Athens-Clarke County Commissioner Kelly Girtz held an informal meeting Monday night to discuss the possibility of changes within the Pulaski Heights neighborhood. Points of recent concern in the neighborhood include non-resident street parking, traffic congestion and ultimately the effect these problems have had on pedestrian safety.
"I'm confident some kind of combination of traffic calming is likely, if we qualify," Girtz said. "I'm most eager to get a sidewalk from Prince to the railroad tracks... Safety is my main goal."
ACC Transportation & Public Works Department Director David Clark and Traffic Engineer Steve Decker joined Girtz to explain potential measures that could improve functionality and safety.
Sidewalks: It seems like a simple enough solution for improving pedestrian safety, but out of all of the proposed measures, extending the sidewalk (which now peters out not far from Dougherty Street) is by far the most unlikely solution in the near future. According to Girtz, there are currently 162 formal requests for sidewalk construction throughout the county. These requests are placed in order of priority based on a set of 11 weighted criteria. Based on these criteria, Pulaski Street is currently somewhere in the top 20 on the list. Clark estimated that funding for sidewalk construction averages $400,000 per year, enough for two miles of new sidewalks. That puts Pulaski about ten years away from seeing wet cement.
Traffic management: The goal would be to slow traffic by making it more difficult for drivers to speed through the neighborhood at unsafe speeds. In Athens, traffic calming usually takes the form of speed humps or radar speed signs alerting drivers of their current speed compared to the posted limit. Before any action can be taken, though, traffic engineers in transportation department need to conduct an evaluation of the neighborhood’s traffic flow. If the evaluation proves that Pulaski meets yet another set of criteria to warrant traffic management, the department will propose measures for the community to vote on. Girtz said he expects residents will support the initial evaluation, which would likely happen this fall.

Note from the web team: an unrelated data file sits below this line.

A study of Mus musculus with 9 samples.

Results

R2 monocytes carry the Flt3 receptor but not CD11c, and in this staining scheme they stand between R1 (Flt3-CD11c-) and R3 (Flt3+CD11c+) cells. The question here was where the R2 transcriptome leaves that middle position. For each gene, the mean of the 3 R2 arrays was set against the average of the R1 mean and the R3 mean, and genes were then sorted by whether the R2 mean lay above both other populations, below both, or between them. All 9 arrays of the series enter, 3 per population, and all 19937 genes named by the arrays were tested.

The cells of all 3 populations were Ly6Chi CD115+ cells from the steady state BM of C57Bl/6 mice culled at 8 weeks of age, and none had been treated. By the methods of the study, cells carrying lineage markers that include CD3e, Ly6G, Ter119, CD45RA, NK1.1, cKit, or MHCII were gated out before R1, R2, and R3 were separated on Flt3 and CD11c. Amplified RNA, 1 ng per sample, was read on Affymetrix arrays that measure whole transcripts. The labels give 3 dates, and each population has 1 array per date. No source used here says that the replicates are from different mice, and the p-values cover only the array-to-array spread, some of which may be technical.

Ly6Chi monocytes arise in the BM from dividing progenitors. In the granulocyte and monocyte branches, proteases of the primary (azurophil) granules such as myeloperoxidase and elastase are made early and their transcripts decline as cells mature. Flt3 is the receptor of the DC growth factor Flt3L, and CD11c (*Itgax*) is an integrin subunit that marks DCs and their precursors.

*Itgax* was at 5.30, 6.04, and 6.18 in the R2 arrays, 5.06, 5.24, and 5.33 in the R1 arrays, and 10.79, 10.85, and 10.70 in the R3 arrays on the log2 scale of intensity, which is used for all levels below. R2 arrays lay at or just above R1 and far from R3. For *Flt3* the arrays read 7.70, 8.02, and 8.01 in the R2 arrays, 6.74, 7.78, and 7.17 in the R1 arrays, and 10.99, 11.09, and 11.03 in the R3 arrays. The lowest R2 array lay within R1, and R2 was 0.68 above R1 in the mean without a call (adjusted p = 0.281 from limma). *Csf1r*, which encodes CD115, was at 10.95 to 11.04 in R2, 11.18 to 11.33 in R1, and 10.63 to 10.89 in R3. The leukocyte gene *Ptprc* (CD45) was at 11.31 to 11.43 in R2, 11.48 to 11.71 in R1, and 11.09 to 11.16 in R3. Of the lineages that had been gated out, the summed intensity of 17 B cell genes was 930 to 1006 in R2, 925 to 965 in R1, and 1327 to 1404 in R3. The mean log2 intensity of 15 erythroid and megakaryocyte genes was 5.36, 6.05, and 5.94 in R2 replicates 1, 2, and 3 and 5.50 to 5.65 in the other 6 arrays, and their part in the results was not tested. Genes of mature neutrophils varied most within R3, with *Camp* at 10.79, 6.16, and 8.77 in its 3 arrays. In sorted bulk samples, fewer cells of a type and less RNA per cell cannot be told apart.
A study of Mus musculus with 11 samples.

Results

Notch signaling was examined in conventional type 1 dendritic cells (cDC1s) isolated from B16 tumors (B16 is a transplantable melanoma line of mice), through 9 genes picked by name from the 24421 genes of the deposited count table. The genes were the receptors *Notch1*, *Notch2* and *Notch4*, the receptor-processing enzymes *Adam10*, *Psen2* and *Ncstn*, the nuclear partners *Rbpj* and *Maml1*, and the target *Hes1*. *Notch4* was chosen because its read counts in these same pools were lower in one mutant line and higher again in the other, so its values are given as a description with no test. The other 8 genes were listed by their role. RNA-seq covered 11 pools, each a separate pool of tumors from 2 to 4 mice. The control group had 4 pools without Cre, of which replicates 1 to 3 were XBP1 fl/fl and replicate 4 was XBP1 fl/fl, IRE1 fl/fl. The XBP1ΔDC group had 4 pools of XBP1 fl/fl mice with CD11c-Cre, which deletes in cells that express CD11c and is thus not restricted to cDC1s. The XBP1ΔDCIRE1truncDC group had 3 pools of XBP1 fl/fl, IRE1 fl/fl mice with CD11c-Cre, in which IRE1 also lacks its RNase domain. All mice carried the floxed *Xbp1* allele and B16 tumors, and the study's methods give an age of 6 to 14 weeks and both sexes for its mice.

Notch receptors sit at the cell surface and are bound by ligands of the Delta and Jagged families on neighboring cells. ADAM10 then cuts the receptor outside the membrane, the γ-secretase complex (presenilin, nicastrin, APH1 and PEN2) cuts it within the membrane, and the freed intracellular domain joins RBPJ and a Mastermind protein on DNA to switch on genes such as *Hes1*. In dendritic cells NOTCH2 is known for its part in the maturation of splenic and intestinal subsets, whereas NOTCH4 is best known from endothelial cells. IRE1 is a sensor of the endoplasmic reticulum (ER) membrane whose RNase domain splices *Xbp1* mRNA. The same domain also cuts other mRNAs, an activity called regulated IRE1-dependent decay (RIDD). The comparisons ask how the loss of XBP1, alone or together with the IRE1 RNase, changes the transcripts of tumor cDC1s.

One-way street: Because of Pulaski's narrow breadth, newcomers may mistake it for already being a one-way street. Just like traffic management, moving forward with this idea is contingent upon the traffic flow evaluation.
Parking permits: Now here’s a solution which is actually feasible: requiring residents who wish to park on their street Monday-Friday, 9am-5pm, to display hanging permits. Many other intown neighborhoods, especially those where students like to park and walk to class, already have such a program. The cost is $10 per household for two permits (more can be purchased for an addition charge). Many people at the meeting were unenthusiastic about it, though, saying it feels kind of like putting a Band-Aid on a headache.